What are you looking for?
All news

Oleg Znarok: working with children is just as hard as working with grown-up players.

24 April 2015 | Interview

With just one day left until the opening of the 9th Gazprom Neft Cup KHL Kids Hockey Tournament we interviewed Oleg Znarok, head coach of the Russian national ice hockey team. Oleg’s coaching credentials are hard to beat: he won the Gagarin Cup with Moscow Dynamo in 2012 and 2013 before leading the Russian national team to gold in the 2014 World Championship.

The picture is courtesy of the KHL press service.

What is the decisive age for shaping a future hockey player?

It depends. Some boys find their talent early on, even in primary school, others find it later. What’s needed is a personal approach to each boy, to each player.

What do coaches need to focus on with 10 or 11 year-old hockey players?

On the atmosphere in the team. The boys have to be full of enthusiasm, to treat every training session as a special occasion.

What sort of person must a children’s coach be?

He has to be a psychologist and a teacher and he or she must have a definite method. I think that working with children is just as hard as working with grown-up players.

The picture is courtesy of the KHL press service.

Do you and the other coaches’ team keep a close eye on players in the Russian junior team?

— In Novogorsk, the junior team works side by side with the adult national team. The head coach of the junior team, Valery Bragin, invites me and the other national coaches to attend junior team training whenever we can and the juniors regularly attend our training sessions. Some of the young players have already trained with the national team. We even took some of the best junior players to Euro Tour matches in the Czech Republic, and we weren’t disappointed.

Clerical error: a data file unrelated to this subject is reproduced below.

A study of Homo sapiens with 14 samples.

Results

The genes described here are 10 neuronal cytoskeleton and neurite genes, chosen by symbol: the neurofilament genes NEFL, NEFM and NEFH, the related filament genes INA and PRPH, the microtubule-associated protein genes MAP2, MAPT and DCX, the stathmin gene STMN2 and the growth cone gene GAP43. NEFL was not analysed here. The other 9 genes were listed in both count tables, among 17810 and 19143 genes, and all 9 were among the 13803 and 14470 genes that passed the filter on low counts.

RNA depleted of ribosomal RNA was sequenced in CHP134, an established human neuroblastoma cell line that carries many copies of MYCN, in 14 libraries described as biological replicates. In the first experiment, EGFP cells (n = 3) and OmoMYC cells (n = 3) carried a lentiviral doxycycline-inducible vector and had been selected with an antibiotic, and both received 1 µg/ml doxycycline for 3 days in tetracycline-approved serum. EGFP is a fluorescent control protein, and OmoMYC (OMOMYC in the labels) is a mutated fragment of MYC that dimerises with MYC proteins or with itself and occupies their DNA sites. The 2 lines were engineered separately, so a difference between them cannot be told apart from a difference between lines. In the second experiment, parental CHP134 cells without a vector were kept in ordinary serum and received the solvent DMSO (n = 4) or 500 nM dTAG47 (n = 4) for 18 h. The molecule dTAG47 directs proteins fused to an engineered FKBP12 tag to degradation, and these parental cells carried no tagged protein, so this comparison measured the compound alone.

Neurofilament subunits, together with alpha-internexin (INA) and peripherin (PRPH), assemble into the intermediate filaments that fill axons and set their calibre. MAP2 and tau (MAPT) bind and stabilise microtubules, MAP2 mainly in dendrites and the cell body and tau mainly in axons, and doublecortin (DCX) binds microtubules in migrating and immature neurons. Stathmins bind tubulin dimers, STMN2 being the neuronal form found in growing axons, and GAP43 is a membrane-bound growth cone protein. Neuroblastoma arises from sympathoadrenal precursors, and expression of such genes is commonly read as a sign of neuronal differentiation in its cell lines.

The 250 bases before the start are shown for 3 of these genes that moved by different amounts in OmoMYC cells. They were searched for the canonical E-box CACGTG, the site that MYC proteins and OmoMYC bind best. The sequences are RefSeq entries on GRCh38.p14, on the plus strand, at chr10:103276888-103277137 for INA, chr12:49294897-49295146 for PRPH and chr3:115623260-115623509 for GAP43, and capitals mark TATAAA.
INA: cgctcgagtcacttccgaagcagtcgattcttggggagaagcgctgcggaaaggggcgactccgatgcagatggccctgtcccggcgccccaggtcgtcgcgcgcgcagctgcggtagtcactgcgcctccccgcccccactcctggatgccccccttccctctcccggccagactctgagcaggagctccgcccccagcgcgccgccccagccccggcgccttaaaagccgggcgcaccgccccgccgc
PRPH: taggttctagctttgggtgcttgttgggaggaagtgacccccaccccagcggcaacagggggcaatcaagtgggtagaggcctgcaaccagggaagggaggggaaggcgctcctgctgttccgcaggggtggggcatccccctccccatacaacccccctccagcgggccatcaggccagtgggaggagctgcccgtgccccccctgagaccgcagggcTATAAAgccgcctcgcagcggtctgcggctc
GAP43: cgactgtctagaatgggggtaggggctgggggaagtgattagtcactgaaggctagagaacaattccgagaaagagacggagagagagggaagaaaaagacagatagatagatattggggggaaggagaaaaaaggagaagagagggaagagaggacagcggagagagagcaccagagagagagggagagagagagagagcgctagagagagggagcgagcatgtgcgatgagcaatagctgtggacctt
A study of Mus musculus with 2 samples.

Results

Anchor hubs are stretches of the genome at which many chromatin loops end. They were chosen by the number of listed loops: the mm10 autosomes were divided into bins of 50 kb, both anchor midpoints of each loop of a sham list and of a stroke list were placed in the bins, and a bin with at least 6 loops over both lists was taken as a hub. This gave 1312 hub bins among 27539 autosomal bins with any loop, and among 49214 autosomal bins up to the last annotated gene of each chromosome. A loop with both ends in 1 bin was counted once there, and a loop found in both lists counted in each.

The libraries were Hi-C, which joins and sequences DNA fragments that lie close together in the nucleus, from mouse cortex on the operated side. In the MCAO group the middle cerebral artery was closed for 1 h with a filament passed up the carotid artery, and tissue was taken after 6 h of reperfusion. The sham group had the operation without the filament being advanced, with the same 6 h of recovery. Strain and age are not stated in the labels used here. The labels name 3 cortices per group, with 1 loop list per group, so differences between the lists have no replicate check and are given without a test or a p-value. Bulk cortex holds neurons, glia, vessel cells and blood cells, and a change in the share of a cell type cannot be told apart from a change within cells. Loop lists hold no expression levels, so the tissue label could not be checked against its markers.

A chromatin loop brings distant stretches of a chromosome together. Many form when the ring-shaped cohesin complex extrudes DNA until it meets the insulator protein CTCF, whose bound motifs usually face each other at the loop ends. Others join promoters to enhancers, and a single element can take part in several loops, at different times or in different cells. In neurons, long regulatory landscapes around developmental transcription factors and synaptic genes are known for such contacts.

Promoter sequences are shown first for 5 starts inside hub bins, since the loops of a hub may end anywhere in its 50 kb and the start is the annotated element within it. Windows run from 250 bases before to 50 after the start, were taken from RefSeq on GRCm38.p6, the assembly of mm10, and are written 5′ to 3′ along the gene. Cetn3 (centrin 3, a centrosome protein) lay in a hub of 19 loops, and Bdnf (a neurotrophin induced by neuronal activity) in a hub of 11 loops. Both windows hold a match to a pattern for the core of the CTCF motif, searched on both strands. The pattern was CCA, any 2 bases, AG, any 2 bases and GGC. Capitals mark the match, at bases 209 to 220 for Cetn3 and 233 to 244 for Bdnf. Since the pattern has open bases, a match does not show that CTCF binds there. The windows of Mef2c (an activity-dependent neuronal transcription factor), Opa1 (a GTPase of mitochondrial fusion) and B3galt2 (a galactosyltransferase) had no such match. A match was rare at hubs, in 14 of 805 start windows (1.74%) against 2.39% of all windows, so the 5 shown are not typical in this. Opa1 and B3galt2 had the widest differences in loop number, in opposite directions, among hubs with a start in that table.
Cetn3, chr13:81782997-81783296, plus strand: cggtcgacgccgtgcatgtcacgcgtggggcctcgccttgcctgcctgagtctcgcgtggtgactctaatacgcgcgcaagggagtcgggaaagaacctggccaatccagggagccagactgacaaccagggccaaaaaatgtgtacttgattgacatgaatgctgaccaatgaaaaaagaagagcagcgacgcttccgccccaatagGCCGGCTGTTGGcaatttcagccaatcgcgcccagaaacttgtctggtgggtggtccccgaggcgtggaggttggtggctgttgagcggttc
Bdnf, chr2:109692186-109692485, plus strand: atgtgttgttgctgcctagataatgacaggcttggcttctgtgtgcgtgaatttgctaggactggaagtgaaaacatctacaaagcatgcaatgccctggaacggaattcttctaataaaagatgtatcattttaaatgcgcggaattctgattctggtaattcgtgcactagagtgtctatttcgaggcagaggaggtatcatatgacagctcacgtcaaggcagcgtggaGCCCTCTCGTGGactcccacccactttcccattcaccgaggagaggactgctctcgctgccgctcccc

Teams from Belarus, Ukraine, Kazakhstan, Latvia, and Finland are taking part in this year’s Gazprom Neft Cup. In your view, which of these countries is doing the most to develop children’s hockey?

I can’t speak for neighbouring countries, but we have certainly done a lot for children’s hockey in Russia recently and I am very pleased about it! The more time we make for our children, the more successful our teams will be, and that includes the most important team of all — the national squad.

What are your wishes for the players in the 2015 Gazprom Neft Cup?

— Love hockey! Respect it! Do your best to win!